09. January 2020 News
Bottrop / Mülheim an der Ruhr, 17 December 2019. Imagine the following scenario: You are in the middle of a factory hall operating a milling machine. The operating manual is on your right. The raw part is firmly clamped, the system starts, and the machine cuts a work piece previously configured and constructed in the CAD system. But wait! The outcome is not as expected. There is an error somewhere in the process chain. Maybe the machine was operated incorrectly after all? Possibly an error occurred when selecting the raw part? Pre-series production may turn out to be expensive. But it doesn’t matter! Why? Because everything took place in virtual reality.
For quite some time now, virtual reality (VR) and mechanical engineering have been viewed in the same context. VR technology allows for simulating the work processes of machines and for training staff in the operation of complex machines and equipment without having to block the expensive machines. Moreover, it is possible to minimise risks prior to expensive pre-series production. Likewise, VR technology can be used to illustrate how to use a machine, how to replace machine parts, and how to repair a machine. In this process, engineers serve as a bridge between software development and practical applications at the workplace.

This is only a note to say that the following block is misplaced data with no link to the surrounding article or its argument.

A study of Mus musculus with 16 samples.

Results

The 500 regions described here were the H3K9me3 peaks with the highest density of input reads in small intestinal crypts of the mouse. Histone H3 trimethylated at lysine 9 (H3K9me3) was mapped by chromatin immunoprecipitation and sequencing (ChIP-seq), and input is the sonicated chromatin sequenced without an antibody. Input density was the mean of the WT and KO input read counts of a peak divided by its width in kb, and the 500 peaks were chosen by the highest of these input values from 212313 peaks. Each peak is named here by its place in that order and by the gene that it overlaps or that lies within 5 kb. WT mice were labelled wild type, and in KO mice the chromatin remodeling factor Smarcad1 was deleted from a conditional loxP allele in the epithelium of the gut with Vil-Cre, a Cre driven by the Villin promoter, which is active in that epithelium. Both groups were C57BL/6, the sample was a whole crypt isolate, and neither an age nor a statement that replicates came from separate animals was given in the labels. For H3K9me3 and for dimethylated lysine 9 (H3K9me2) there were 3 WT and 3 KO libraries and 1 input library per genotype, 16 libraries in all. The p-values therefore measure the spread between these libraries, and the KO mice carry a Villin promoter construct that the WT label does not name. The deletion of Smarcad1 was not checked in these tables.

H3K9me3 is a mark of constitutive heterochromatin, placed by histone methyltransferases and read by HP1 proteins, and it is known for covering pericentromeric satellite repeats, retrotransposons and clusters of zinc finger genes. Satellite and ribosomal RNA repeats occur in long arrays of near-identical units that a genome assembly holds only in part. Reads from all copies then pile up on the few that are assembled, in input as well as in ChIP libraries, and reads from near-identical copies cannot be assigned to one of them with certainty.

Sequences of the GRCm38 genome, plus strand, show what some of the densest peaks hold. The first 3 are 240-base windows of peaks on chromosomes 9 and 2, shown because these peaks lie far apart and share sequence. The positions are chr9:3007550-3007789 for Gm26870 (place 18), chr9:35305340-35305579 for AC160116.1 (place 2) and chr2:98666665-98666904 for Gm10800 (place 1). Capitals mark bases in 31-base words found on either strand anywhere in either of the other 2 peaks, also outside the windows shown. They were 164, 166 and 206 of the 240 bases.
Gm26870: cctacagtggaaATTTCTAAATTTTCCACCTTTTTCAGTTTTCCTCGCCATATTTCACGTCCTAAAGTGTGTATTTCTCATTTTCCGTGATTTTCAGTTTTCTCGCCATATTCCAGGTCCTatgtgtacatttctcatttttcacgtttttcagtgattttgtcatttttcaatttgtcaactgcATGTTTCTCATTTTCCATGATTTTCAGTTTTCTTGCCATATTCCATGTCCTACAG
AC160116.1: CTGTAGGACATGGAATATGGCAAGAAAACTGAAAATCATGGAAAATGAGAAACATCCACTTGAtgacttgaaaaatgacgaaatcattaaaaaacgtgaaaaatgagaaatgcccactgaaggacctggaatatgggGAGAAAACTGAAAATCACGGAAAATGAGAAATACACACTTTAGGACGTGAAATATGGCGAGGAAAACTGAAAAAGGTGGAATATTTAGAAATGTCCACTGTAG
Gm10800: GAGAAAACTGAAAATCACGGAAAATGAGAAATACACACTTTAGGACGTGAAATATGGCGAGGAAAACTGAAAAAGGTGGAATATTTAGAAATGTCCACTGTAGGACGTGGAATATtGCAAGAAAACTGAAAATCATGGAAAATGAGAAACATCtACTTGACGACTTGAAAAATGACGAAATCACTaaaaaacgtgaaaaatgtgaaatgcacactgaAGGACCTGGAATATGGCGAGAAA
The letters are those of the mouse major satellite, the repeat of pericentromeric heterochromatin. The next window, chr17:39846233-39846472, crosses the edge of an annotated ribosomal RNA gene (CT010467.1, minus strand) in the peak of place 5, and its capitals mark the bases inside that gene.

This is exactly what students explore in the module ‘Computer-aided product development and manufacturing’. They look at product development, construction using CAD systems, virtual manufacturing, computer-aided process planning and the production of prototypes. The problem is: there are 25 students, but only one milling machine. This means there is not sufficient capacity to train all prospective students, for example.
Here’s the solution: The milling machine is visualised in a photorealistic manner. Eight students can try to operate it simultaneously with the help of VR glasses. They move around carefully in the delineated boxes, use joysticks to press buttons, thumb through the operating manual, read reference tables, look up and down. ‘Unusual and unfamiliar but very fascinating’, says mechanical engineering student Florian Eickhoff describing his first experiences. ‘It enhances your spatial imagination, and you can just go ahead and try the whole thing – without causing any costs. And frankly, it is so much fun.’
Prof Dr Joachim Friedhoff says the same: ‘The VR Coop Lab serves as a bridge between theory and practice. That said, virtual reality should not be seen as an alternative to real learning worlds but rather as a way to supplement and support them.’ And yet: Interdisciplinary projects and study units are modernising the study of mechanical engineering. Students get the opportunity to acquire and deepen their IT skills.
The VR Coop Lab is a joint project of the Institute of Computer Science (Prof Dr Sabrina Eimler) and the Institute of Mechanical Engineering (Prof Dr Joachim Friedhoff). Together with their teams, they test scenarios and applications enhancing teaching with modern technologies at both institutes.